November became the unofficial month for fiction books. With the exception of one book, everything I read this month was fiction. This is pretty opposite of my norm. Usually it’s the opposite – lots of nonfiction and one or two fiction books. It felt good to do some fun, easy reads this month. Here’s my list of books to read and skip this month!
A side note before we jump in: when I’m reading for fun, I like Christian fiction, cozy mysteries, and good young adult novels. So that’s what I covered this month. Most of these were ebooks this month, borrowed from the library via the Libby app (which you NEED if you read ebooks! It’s so great!!) Some of these were great, and some were not. I’m searching for a new mystery series to enjoy this winter, hence the wide variety of cozy mysteries on the list this month. I’m not going to say a lot about every book, because some of them were just not that great. Let’s dive in!
Let’s start with my lone nonfiction read for the month. I’ve owned this book for a year and a half, and felt that this month was the right time to read it. And I LOVED it. Which isn’t a surprise, because I love everything written by Sally Clarkson, as is evidenced all over my blog. She has quite a few books on my list of Recommended Reads.
Anyhoo. Allow me to bear my soul to you for a moment. I sometimes feel like I have no idea how to parent my son. My daughter is a piece of cake. My little guy – he’s tricky. He’s a boy in every sense of the word: he’s loud and energetic and moves constantly. He and I see the world very differently. We have skirmishes daily. It can be exhausting on the best of days, and heart wrenching on the worst of days.
I wasn’t entirely sure if “Different” would offer any help or not, but once I started reading, I didn’t put it down. I read it in a day and a half. It was THAT good. It was so calming and reassuring. After I finished it, I felt entirely encouraged to keep doing the hard work of parenting a child that isn’t always easy for me to relate to. The stories Sally shared of feeling frustrated and exhausted were balm for my weary little soul. It came down to her learning that she needed to stop controlling Nathan and start finding ways of reaching his heart, and then trusting God to work in their relationship. So good. Highly recommend to ANY parent.
Ummm. I thought this sounded like a cute little cozy mystery to read, now that the holidays are upon us. Nope. This one was not awesome. The main character was NOT likeable at all and the mystery was meh. Not my cup of tea.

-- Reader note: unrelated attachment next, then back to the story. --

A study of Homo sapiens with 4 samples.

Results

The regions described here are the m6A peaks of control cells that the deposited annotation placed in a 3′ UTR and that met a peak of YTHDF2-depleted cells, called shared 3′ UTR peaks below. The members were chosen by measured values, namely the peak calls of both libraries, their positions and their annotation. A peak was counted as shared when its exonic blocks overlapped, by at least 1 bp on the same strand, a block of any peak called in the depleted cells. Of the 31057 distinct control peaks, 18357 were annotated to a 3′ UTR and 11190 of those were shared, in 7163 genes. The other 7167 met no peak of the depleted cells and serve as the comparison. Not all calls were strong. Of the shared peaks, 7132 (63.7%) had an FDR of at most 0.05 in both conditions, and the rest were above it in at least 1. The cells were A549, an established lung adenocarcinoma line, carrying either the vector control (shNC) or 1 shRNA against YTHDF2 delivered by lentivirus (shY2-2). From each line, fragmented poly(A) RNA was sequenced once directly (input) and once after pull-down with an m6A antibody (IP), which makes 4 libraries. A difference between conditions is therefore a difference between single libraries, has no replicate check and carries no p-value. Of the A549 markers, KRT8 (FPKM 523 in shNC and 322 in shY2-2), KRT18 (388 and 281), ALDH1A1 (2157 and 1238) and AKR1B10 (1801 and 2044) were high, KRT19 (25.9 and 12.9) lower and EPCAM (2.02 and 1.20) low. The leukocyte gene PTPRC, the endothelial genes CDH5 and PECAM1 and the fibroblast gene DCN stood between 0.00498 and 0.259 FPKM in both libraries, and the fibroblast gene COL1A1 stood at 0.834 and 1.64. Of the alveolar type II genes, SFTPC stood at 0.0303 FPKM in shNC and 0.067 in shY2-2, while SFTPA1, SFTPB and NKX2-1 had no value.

I did enjoy this mystery. The characters were interesting, and I thought the plot was very creative. It felt a bit slow at the beginning, but really picked up toward the end. I would read more in this series.
This is my YA read for the month, and it was…good. I hesitate just a bit in saying that because there is a twist at the end that I didn’t see coming at all, and I’m not sure that I loved the twist. I felt like I’d been tricked in a way, which is silly, but I give the author points for creativity for sure. I did give this book four stars on Goodreads, which may have been a little generous, but I did love the main character, so extra points for that. There is a follow up book to this one, but I don’t feel the need to read it. All in all a good read for a chilly fall day.
I read the first book in this Christian fiction series a long time ago, and somehow managed to get the remaining four ebooks this month. I REALLY enjoyed this series. Each book was action packed, the characters were very likeable, the plot lines were creative, and the messages of faith were moving and thought provoking. Very well written. I generally enjoy books written by this author and these did not disappoint.
A podcaster recommended this book that chronicles a fictional account of a relationship between JFK and Alicia Corning Clark, and when I saw the ebook was available on Libby I grabbed it. It’s not the type of book I typically read, but it sounded really fascinating. I expected it to be a sort of historical fiction novel, which I generally enjoy.
When I finished this book, I was just overcome with sadness. It was really just a sad book. The majority of the characters were shallow, self-centered, and selfish. And it kind of bugged me that the author states in the afterword that it was mostly all a fictional account. I mean, I knew going in that it was a work of fiction, but when a book involves real people and events, I like to have an element of the truth. From what I can gather, the author made most of this story up. And I found the ending unsatisfying. So it was an interesting book, but sad overall.
Another disappointing cozy mystery. Very predictable, focused a LOT on tennis, and tons of relationships that were just WEIRD. This is probably not the series for me. I guess the search for that perfect cozy mystery series continues into next month.
Books mentioned in this post:
- Different, by Sally and Nathan Clarkson
- Mistletoe Murder, by Leslie Meier
- Murder at Maypole Manor, by L. B. Hathaway
- Greenglass House, by Kate Milford
- The Alaskan Courage series, by Dani Pettrey
- The Summer I Met Jack, by Michelle Gable
- By Cook or by Crook, by Maya Corrigan
Whew! So, there you go. Hopefully there’s something on this list that helps you out – even if it’s giving you books to steer clear of. 😉 What did you read this month?